DNS Remains a Critical Focus Area for Security Professionals

San Mateo, October 25 – NetSTAR has partnered with a leading, global cyber intelligence data firm to enhance their insights around DNS as a threat vector. Leveraging key internet traffic data collected by this company, NetSTAR has increased their visibility into DNS server logs and performance. Increased visibility into DNS traffic is a must in today’s security climate.

DNS is a common threat vector, and one sometimes ignored by internet and network security professionals. DNS-based attacks may include:

  • Cache poisoning (spoofing): the most common DNS attack, cache poisoning involves injecting malicious data into the DNS resolver cache to redirect users to impostor sites instead of desired sites, often as part of a phishing attack
  • Domain hijacking: an attack that modifies DNS servers and domain registrar data to direct traffic away from the domain to a phony site, often used to spoof payment pages and collect credit card or PayPal information
  • Distributed reflection DoS attacks: this attack type uses ignorant 3rd party resolvers and spoofed source addresses to drive a DoS attack, often involving botnets to amplify the attack effect
  • DNS tunneling: an attack that leverages DNS communication to bypass firewalls while tunneling protocols such as SSL and TCP, with the intent of data exfiltration, malicious data transfer, or remote control of a compromised host
  • DNS hijack/redirect attacks: in this attack, malware changes TCP/IP configuration settings to point to a rogue DNS server and redirect users to impostor sites
  • Random subdomain attacks: another type of DoS attack involving botnets, wherein hosts send DNS requests for non-existent subdomains to an authoritative DNS that hosts the main domain name in an attempt to exhaust DNS outstanding query limits
  • NXDOMAIN attacks: similar to a random subdomain attack, this type of attack includes a flood of queries from remote DNS clients to a DNS server for non-existing domains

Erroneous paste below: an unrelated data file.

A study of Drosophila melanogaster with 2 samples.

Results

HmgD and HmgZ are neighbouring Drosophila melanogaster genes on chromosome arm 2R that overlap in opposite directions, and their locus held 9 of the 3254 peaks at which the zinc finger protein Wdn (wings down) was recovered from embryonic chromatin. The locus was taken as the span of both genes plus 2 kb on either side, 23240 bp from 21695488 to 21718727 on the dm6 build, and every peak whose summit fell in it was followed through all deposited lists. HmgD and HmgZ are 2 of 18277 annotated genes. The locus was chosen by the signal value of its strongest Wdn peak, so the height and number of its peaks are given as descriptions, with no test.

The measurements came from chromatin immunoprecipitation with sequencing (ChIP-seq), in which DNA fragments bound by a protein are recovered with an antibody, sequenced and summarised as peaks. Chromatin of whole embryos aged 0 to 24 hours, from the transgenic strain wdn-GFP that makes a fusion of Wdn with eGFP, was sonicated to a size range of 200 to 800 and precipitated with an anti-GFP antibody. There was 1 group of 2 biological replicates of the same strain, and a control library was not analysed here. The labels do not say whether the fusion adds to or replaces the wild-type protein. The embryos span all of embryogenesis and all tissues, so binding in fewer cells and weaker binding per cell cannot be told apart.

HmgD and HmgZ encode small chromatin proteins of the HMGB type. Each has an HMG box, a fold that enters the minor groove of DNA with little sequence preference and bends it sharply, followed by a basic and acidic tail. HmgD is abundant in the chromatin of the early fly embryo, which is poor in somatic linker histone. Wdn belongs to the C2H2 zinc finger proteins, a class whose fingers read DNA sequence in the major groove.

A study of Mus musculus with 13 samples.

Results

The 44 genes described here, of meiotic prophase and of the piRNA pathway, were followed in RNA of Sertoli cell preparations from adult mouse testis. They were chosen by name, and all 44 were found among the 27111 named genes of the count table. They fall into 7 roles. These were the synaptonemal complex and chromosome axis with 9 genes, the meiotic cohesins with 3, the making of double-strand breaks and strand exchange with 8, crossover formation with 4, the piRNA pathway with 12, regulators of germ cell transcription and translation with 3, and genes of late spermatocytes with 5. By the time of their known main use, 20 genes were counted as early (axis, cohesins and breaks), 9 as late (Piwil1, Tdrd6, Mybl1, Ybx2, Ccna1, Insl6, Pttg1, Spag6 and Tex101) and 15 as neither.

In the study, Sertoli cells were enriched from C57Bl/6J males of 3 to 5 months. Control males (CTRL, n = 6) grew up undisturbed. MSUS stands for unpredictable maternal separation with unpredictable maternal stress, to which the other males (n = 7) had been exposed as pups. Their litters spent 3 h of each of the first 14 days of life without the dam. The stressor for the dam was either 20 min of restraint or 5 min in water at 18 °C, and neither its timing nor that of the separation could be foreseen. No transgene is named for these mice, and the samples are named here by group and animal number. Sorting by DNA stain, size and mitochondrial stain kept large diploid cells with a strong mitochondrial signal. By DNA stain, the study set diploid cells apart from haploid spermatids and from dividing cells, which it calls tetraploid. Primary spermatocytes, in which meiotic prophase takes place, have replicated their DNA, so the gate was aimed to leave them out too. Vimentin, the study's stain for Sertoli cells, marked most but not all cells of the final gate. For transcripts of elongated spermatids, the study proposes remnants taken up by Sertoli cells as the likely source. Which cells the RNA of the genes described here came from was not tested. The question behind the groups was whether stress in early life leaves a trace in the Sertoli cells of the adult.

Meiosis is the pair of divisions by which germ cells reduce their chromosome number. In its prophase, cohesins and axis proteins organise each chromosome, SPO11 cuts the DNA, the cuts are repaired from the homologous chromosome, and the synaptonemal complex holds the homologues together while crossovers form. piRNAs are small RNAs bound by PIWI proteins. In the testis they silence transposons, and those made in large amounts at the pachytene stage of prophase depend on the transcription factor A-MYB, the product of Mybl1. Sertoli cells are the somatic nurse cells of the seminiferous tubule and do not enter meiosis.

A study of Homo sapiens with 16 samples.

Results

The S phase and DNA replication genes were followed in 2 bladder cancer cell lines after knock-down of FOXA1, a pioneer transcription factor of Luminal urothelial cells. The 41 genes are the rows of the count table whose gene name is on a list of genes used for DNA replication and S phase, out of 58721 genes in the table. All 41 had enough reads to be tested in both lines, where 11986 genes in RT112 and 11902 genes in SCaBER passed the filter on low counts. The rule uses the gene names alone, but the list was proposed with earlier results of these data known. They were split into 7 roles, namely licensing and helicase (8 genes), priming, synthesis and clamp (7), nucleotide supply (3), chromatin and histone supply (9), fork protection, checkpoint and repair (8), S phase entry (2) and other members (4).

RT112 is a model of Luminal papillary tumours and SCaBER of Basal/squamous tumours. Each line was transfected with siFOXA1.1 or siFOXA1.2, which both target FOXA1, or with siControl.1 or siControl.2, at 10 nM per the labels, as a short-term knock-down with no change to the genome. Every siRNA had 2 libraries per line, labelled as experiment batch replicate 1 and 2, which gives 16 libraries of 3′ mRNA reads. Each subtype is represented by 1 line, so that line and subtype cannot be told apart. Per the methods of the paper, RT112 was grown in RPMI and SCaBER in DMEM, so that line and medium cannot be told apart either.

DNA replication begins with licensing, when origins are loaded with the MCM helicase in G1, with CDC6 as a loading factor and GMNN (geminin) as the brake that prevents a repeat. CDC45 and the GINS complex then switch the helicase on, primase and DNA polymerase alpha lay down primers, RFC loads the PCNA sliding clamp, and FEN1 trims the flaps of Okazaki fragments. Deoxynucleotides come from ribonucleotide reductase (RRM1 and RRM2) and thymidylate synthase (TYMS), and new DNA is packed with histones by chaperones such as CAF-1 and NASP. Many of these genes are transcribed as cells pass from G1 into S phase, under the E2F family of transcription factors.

• Phantom domain attacks: an attack that saturates a DNS resolver with requests for multiple domains that will never respond to the DNS server or will respond very slowly
  • TCP SYN attacks: in this attack, the three-way handshake that initiates a TCP connection is exploited as spoofed SYN packets are sent, and the server wastes resources sending acknowledgments to bogus destinations which are never answered
  • Domain lockup attacks: in this attack type, attackers set up resolvers and domains to establish TCP connections with DNS resolvers, and upon receipt of requests from the DNS resolver these domains send delayed and random packets to the server to exhaust DNS server resources

Steve Earnshaw, NetSTAR Vice President of Product Management, explains: “The biggest challenge impacting internet security today is having visibility into the actual traffic flows of the internet. And with DNS-based attacks on the rise, nowhere is this more necessary than with DNS traffic. More and more organizations are relying on AI and machine learning, which does address security issues in part. But having people who can review DNS footprints from recursive to authoritative DNS logs and perform other tasks is critical, too.”

NetSTAR has human review teams in place around the globe, working 24/7 to continuously improve our visibility into the internet.